Washington, D.C. –
The United States today proposed wide-ranging reforms to the International
Coffee Organization (ICO) aimed at strengthening the ICO’s contributions to the
world coffee economy.
These reforms are being proposed just one year after the United States
rejoined the ICO, which is an intergovernmental body whose members account for
more than 97 percent of world coffee production and 80 percent of coffee
consumption. The United States was instrumental in creating the ICO in 1962, but
left the organization in 1993.
The U.S. proposed reforms seek to create new roles for the ICO that can
provide benefits to all stakeholders and guide the ICO away from its historic
use of market interventions in the coffee sector.
"When the United States rejoined the ICO in 2005, we recognized the
organization’s potential, but we also saw the need for change" said U.S. Trade
Representative Rob Portman. "We are seeking to build on the ICO’s strengths. We
have proposed structural and functional reforms that will improve the efficiency
and effectiveness of the ICO. The expiration of the current agreement in 2007
presents an opportunity for the members to take action in order to reform the
organization so that it can make a real difference."
The U.S. proposed reforms were presented as broad themes and include:
expanding the organization’s objectives to promote a comprehensive approach to
sustainability, including environmental sustainability; streamlining the ICO’s
structure and operations; expanding and enhancing the collection and
dissemination of information relevant to coffee farmers, especially small
producers; strengthening the contributions of the private sector; highlighting
the importance and effectiveness of capacity building projects; assisting small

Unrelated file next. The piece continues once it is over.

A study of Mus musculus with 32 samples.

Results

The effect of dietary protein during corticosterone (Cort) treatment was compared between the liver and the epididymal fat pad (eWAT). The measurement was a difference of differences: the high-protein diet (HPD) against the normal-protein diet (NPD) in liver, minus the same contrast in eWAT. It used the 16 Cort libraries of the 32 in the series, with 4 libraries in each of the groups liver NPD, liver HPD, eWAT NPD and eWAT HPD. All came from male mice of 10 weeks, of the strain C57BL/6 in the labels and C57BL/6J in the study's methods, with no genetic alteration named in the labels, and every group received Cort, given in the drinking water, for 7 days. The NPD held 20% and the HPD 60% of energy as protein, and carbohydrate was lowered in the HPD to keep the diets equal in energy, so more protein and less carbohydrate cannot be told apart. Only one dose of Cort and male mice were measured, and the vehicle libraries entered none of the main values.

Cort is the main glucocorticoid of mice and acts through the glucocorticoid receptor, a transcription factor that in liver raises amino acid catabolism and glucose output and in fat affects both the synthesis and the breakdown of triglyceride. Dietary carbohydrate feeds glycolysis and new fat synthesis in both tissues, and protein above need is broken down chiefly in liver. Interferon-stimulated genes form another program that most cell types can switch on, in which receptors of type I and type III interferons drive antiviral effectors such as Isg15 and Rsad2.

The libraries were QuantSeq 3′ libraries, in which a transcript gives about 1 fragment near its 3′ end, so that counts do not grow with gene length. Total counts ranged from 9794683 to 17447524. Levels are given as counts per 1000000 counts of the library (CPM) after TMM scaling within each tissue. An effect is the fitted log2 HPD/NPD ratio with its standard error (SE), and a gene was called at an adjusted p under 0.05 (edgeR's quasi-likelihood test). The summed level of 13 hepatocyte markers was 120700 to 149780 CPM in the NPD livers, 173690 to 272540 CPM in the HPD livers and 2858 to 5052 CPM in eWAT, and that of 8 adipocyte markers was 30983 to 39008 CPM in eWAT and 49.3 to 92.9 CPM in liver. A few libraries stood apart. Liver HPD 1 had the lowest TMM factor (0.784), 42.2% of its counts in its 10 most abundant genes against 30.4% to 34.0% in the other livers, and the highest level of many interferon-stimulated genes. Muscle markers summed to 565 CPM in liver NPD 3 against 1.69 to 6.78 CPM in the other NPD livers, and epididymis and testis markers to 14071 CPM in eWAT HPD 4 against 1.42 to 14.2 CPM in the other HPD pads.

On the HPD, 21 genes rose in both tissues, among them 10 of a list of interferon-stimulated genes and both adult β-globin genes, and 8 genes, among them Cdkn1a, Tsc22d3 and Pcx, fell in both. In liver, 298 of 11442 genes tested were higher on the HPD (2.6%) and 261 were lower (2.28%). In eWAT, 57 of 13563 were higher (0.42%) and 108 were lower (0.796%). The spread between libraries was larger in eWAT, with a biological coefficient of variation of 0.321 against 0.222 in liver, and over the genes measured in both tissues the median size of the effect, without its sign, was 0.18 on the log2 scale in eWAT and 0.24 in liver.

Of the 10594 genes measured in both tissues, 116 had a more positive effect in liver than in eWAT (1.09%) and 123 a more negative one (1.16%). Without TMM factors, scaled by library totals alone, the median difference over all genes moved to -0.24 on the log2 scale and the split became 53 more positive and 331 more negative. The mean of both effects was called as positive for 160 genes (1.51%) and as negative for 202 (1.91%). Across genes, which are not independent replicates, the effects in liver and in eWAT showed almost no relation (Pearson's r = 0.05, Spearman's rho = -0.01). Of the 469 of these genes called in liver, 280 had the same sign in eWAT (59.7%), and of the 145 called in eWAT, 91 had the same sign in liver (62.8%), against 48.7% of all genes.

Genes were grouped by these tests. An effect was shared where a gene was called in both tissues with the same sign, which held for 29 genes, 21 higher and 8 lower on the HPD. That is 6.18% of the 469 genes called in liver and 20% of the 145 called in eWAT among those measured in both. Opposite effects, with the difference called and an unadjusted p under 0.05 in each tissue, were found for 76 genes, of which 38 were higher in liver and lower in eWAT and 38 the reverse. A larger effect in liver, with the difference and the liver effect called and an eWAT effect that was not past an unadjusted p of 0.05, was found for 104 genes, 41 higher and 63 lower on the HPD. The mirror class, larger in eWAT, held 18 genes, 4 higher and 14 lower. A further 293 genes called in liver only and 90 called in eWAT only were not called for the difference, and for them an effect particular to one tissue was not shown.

producers in managing the consequences of unpredictable market conditions; and
making the organization more accessible and attractive to civil society
Coffee is the world’s second most-traded commodity, accounting for more than
US$70 billion in retail sales each year, and is produced in more than 60
countries. Coffee provides a livelihood for some 25 million coffee farming
families around the world. The United States is the largest coffee importer in
the world, and coffee roasting and retailing is a significant sector of the U.S.
The ICO currently collects and reports statistical information on the coffee
sector, provides a forum for interaction among governments and private sector
participants in the coffee sector, and advocates for the sector. The current
agreement, the International Coffee Agreement (2001), marked an important
departure away from market intervention mechanisms by the ICO, and the United
States rejoined in 2005 to enhance efforts to reform the organization and create
new relevant roles for the ICO .
A copy of the U.S. proposal is available on the USTR website by clicking here.